Study Shows School Bus Privatization in Michigan a Growing Trend


Research published this month by the Mackinac Center for Public Policy indicates that one in eight school districts are now outsourcing transportation services, an increase of more than one-third.

Overall, more than 53 percent of Michigan’s 550 school districts currently outsource at least one of three main non-instructional services tracked in the survey, which also included food services and custodial services. This represents a 9 percent increase over the 2009-2010 school year. The most recent study was conducted from late May through late July of this year and compared data since 2001, when the survey began.

Food services are the most commonly privatized service at 33 percent followed by custodial services at 31.5 percent. Transportation is the least commonly contracted service at only 12.2 percent, which equates to 67 districts. But James Hohman, the assistant director of fiscal policy at the Mackinac Center, pointed out that transportation is the fastest growing service that is being privatized, as only 21 school districts in the state, or one out of every 26, utilized private bus companies during the 2009-2010 school year. Fifteen school districts also opted to outsource transportation for the first time this year.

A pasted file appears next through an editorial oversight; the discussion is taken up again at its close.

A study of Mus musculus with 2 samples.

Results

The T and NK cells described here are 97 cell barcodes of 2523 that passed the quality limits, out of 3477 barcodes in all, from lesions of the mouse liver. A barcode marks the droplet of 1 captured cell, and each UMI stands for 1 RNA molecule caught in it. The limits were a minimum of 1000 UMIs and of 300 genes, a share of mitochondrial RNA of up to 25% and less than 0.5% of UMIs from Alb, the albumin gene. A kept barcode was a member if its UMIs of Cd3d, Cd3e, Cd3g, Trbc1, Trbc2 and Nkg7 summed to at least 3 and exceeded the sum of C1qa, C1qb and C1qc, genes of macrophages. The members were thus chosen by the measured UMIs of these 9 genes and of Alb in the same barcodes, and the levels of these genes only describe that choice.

He added that only 3.8 percent of districts outsourced transportation in 2005.

A big reason for growth in privatized services, according to the survey, is a necessity for school districts to reduce labor expenditures. Retirement benefits alone can cost public school employers nearly 25 percent of an employee’s salary.

House Bill 4306 was introduced in March to mandate competitive bidding for non-instructional services. Previously, Gov. Rick Snyder introduced “best practices” funding, which offers an additional $100 per pupil to any district that meets four out of five criteria, one of those being the solicitation of competitive, private-sector bids for support services. The survey said that several districts have already signed on to participate in Snyder’s plan.

“Privatization remains an important option for school districts looking to reduce bureaucracy and save taxpayer dollars. School employee unions frequently oppose competitive bidding because it denies them members and dues, but school boards and administrators have a fiscal responsibility to seek the best and most efficient service providers for our schools. Increasingly, privatization has allowed them to do just that,” the report concluded.